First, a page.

Senior author of the study and Chief Operating Officer of Calibr and Scripps Research, Matthew Tremblay, PhD, and colleagues at University of Bremen in Germany explored opportunities to preserve and regain the insulin-producing function of beta cells in diabetic patients. In their prior studies on diabetic mice, the team had found that the enzyme mammalian sterile 20-like kinase 1 (MST1) was instrumental in the activation of cell signals that trigger beta-cell dysfunction and death. Prior to the team’s work on mice, the protective effect of MST1 signaling inhibition was not recognized.  

The researchers recognized that if the cell signals responsible for the damage to, or the death of, beta cells could be eliminated or blocked, the result might be the protection of beta cells and the prevention of diabetes. The team decided to investigate existing FDA-approved drugs that could accomplish this same protective mechanism of action and that might be able to be repurposed in improving the function of beta cells and blood-glucose regulation. The researchers found it to be a key pharmacologic contributor to the restoration of beta-cell function and survival.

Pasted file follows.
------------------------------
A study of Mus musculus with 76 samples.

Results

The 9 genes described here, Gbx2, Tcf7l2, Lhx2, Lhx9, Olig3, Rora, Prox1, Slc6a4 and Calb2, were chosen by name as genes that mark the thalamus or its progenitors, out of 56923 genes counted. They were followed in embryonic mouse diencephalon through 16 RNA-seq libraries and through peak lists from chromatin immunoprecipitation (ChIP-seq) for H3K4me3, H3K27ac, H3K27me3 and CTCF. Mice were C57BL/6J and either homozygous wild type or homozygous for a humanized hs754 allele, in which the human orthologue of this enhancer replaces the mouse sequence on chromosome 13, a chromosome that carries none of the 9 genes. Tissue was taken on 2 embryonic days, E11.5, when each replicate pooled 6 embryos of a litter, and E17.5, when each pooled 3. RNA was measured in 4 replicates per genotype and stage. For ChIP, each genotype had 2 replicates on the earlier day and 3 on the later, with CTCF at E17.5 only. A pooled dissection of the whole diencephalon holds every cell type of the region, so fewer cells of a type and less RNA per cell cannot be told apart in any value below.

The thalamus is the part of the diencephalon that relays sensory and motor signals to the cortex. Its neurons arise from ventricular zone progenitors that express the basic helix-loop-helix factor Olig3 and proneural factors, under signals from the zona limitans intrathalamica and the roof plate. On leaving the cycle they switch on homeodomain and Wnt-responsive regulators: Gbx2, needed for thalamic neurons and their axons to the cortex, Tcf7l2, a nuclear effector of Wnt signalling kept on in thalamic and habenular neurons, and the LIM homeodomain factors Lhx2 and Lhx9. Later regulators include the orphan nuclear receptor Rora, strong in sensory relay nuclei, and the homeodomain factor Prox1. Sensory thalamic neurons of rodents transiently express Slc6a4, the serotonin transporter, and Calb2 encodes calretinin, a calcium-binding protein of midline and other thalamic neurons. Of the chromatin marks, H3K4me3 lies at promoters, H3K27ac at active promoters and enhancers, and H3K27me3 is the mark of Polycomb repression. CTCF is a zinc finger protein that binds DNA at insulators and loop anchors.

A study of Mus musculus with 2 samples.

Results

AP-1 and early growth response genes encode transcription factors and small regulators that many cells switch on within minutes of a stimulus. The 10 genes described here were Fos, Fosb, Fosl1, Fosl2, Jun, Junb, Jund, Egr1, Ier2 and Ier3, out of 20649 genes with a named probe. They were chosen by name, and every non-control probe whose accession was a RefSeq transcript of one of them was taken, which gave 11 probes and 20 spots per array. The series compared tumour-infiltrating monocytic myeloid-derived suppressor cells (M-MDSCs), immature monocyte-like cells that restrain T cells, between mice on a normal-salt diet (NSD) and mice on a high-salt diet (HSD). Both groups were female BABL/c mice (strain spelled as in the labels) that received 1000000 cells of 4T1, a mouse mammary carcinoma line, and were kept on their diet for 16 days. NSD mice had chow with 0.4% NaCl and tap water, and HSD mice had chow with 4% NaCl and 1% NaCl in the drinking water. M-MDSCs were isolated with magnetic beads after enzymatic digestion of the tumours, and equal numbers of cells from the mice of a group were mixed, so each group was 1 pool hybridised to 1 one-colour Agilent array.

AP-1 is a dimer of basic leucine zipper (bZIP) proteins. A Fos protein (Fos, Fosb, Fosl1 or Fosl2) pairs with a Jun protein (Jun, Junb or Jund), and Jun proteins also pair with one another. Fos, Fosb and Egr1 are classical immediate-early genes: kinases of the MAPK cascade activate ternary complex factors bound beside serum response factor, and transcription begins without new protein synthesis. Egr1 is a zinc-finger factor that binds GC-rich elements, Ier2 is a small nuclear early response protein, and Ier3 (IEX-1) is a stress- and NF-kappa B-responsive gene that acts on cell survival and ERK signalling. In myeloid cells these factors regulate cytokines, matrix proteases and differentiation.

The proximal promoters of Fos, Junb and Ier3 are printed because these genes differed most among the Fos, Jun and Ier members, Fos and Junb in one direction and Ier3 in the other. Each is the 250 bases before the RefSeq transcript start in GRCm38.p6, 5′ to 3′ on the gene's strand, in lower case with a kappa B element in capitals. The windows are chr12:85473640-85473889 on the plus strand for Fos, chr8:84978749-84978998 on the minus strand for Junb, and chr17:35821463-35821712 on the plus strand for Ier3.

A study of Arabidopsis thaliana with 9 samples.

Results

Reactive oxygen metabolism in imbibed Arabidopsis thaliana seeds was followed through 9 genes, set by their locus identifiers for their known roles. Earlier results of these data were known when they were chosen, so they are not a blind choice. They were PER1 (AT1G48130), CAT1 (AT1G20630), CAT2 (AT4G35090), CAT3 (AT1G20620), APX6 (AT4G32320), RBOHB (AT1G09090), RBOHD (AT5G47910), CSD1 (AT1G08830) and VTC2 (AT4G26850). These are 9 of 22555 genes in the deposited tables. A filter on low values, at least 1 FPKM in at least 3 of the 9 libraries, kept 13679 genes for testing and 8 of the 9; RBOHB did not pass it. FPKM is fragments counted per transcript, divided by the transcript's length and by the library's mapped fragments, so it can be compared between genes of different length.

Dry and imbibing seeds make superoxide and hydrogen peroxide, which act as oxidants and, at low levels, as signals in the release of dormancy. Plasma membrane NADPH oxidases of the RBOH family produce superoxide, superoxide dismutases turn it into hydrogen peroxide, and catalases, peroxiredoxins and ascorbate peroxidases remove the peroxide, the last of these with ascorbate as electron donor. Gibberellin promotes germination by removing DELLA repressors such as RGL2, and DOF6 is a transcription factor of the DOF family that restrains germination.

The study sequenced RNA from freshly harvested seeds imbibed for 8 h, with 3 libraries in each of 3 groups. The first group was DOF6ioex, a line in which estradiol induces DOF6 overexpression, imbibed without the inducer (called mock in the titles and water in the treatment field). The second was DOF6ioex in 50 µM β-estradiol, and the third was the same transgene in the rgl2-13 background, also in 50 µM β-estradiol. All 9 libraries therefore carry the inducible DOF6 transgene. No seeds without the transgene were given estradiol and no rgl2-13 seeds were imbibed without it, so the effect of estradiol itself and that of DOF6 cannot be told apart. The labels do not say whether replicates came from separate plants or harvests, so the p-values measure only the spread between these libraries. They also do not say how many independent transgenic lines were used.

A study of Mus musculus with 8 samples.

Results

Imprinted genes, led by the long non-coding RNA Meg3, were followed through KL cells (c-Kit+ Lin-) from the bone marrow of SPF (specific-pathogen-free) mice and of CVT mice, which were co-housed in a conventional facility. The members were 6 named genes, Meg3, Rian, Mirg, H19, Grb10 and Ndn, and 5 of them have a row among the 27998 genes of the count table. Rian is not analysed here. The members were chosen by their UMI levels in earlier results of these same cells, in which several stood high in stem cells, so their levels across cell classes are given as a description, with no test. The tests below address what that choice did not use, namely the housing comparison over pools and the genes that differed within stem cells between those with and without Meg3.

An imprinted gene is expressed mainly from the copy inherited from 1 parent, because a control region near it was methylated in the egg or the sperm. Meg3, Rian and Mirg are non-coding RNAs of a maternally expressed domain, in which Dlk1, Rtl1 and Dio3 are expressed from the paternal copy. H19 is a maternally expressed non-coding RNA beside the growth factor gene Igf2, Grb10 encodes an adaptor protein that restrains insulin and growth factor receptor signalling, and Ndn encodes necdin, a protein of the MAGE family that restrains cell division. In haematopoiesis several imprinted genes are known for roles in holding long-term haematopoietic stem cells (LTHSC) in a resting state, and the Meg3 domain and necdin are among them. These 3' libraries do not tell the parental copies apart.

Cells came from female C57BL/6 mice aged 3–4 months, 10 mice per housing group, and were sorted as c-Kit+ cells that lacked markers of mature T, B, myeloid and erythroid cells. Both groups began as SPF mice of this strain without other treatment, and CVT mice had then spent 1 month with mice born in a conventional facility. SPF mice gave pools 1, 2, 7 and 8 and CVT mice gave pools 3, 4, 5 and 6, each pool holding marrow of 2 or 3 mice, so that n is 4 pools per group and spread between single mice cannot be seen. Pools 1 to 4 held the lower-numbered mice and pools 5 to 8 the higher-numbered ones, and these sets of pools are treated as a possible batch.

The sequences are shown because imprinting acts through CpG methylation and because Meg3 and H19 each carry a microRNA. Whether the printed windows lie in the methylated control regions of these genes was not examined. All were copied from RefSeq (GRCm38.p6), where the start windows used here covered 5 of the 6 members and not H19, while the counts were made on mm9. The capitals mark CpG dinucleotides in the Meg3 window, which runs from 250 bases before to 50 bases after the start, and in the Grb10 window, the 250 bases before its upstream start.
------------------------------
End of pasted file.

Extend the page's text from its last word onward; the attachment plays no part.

In the current study, the researchers screened 641 drug-like kinase inhibitors and determined that neratinib, which is FDA approved for breast cancer treatment, was a potent MST1 inhibitor. Using human islets and type 1 and type 2 diabetic mice, the team studied neratinib’s protective impact on beta-cell function, survival, and reduced instances of hyperglycemia. After treating diabetic mice for a month with neratinib, the team discovered significantly restored beta-cell survival and function. Other notable improvements were reported in reduction and prevention of elevated blood glucose over time. The team reported a “robust pro-survival effect was also observed in human islets, which are areas of the pancreas that contain beta cells.”

The authors concluded that this previously unappreciated inhibitor of MST1 now represents a novel potential beta cell–protective medication in vitro in human islets and in vivo in rodent models of both type 1 and type 2 diabetes. According to the authors, “Repurposing of FDA-approved drugs has been a topic of great interest amidst the escalating costs of new drug development, particularly in the case of diseases with high-unmet medical need such as type 1 diabetes.”  The authors went on to say, “The discovery of neratinib’s ability to protect beta cells amounts to an accelerated path to a preclinical proof of concept,” and concluded that it represents “a firm basis for follow-up work on next-generation compounds that could add to the treatment options for diabetes.”